American Masters LENNONYC
“I just want sashimi. Kitcho. 45th Street. Look it up in the phonebook. Say who it’s for. Yoko Ono, not me. Say it’s for Yoko Ono. . . (laughs). . .otherwise I don’t get it.”
After a five-year hiatus, John Lennon was back in the studio. Lennon had famously walked away from the music business, the fame machine, everything. He baked bread, took care of his son Sean, spent his time “watching the wheels go ‘round and ‘round.” But now Lennon was back recording. He was, perhaps for the first time in his life, unreservedly happy.
It had been a long, difficult journey to this point. Lennon had been persecuted by the Nixon administration, who had used the FBI and the INS (Immigration and Naturalization Service) to tap his phone and put him and Yoko under 24-hour surveillance, all in an attempt to deport him for political purposes. Lennon had been consumed by drink, making, on more than one occasion, a public ass of himself. And, for eighteen months, he had been kicked out of the Dakota by Yoko Ono, the great love his life. (It was a period Lennon later referred to as his “lost weekend.”)
But, in early August, 1980, John Lennon was at The Hit Factory recording what would become Double Fantasy. The songs Lennon had written for the album didn’t speak to the pain of his past—he was done with that. They were about the life he had built with Yoko and Sean: Watching the Wheels; Woman; Beautiful Boy. Each song spoke to the newfound contentment Lennon had achieved.
LENNONYC is about that journey. It is the story of one of the most famous and influential artists of the Twentieth Century, and how he found redemption not in the public adoration he craved as a youth, but in the quiet and simple pleasures of fatherhood. It is also an immigrant’s tale. For while John Lennon may not be your typical immigrant he surely was just that. Lennon came to New York City in 1971, seeking what every other immigrant who has washed up on its shores has sought: freedom—the freedom to be himself and not “Beatle John,” the freedom to love without the overwhelming public scorn he and Yoko had suffered in London, and, simply, the freedom to live a normal life. That, more than anything, is what New York City offered John Lennon: the ability to go out to a movie or a restaurant, to hail a cab. In New York he could be free.
LENNONYC tells this story with never before-released in-studio recordings, concert film only recently transferred to HD, and a trove of Lennon/Ono compositions—some in versions previously unheard. It also contains interviews with those closest to Lennon during this period in his life—friend and photographer, Bob Gruen; Jim Keltner, a drummer on many Lennon solo projects in the 1970’s; May Pang, Lennon’s companion during his “lost weekend,” Elton John, rock superstar, and co-conspirator on the hit single Whatever Gets You Thru the Night, and Jack Douglas, the producer of Double Fantasy. LENNONYC also contains one of the most powerful and emotionally direct interviews Yoko Ono has ever given. In fact, it is the filmmakers’ unique and exclusive relationship with Ms.Ono that makes LENNONYC so special. No film about John Lennon has ever covered this story with the same breadth and depth as LENNONYC.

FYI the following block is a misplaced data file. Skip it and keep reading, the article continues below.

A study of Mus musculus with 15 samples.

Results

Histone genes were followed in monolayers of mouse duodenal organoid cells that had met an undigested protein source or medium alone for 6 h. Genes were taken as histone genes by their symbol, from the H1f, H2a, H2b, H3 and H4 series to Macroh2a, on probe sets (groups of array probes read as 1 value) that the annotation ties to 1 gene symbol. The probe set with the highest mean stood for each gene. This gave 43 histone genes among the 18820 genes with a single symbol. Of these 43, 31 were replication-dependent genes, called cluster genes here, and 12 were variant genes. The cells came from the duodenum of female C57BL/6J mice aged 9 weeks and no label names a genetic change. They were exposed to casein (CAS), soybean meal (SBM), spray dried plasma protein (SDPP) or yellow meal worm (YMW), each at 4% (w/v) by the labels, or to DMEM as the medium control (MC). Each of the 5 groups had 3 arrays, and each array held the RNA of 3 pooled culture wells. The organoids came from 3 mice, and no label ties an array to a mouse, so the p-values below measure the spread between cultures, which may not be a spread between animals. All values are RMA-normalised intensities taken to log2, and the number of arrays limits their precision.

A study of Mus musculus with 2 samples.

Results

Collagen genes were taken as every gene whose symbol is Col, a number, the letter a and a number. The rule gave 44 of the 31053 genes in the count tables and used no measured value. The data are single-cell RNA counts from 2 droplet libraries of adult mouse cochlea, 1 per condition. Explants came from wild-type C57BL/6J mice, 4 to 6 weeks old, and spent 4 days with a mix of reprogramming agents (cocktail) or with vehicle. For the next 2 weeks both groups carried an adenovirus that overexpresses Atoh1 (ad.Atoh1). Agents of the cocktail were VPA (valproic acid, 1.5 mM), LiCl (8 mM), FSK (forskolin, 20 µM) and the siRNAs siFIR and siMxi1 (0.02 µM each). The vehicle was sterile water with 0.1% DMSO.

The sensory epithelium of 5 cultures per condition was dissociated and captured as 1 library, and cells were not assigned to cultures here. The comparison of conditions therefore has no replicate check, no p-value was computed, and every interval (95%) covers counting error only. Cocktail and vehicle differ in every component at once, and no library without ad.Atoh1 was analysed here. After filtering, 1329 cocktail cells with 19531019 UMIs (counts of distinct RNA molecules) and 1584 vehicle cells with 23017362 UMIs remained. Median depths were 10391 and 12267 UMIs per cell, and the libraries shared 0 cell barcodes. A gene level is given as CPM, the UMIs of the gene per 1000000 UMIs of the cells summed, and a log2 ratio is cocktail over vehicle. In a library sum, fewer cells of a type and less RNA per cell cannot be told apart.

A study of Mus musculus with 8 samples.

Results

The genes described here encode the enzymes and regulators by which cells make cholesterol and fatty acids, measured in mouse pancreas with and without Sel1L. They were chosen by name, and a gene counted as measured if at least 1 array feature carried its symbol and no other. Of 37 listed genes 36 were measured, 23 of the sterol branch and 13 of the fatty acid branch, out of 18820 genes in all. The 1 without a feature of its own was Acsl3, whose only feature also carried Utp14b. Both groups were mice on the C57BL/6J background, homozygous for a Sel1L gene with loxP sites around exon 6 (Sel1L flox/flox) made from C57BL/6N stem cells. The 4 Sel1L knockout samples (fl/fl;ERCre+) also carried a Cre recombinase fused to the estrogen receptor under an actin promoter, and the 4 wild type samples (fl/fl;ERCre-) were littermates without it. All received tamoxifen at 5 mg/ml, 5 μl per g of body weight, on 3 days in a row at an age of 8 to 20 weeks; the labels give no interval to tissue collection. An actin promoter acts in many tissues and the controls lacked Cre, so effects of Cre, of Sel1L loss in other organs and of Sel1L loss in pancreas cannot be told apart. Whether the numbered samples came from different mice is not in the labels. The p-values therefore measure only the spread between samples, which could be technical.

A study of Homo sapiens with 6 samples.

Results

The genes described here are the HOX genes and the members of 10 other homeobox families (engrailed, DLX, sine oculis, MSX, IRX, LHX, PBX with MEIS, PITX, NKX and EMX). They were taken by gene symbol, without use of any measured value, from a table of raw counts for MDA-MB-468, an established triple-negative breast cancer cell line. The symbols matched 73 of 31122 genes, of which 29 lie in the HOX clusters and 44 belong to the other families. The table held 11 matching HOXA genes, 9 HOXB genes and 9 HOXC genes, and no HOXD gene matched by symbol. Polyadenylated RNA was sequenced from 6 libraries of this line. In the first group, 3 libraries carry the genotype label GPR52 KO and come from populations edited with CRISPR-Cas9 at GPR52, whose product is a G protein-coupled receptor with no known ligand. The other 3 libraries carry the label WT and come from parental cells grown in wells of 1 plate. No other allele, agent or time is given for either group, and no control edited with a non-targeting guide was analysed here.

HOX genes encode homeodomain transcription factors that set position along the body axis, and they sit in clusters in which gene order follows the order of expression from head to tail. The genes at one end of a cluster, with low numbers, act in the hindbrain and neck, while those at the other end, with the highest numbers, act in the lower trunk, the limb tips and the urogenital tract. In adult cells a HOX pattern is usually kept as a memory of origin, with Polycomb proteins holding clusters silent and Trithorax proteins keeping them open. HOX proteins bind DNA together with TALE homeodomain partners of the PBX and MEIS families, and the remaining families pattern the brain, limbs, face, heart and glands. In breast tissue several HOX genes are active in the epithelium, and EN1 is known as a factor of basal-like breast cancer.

As the public turns its attention to what would have been Lennon’s 70th birthday (October 9, 2010), and the 30th anniversary of his murder (December 8, 2010), LENNONYC is uniquely posed to commemorate the life of one of the most important and influential artists of the Twentieth Century—someone whose life and work is as powerful and relevant today as it has ever been.
LENNONYC is a co-production of Two-Lefts Don’t Make a Right Productions, Dakota Group, Ltd., and THIRTEEN’s American Masters in association with WNET.ORG for PBS and will have its US television premiere on PBS’s American Masters series in November 2010. Director/writer is Michael Epstein. Executive producers are Stanley Buchthal, Michael Cohl, and Susan Lacy. Producers are Susan Lacy, Jessica Levin, and Michael Epstein. Susan Lacy is the series creator and executive producer of American Masters.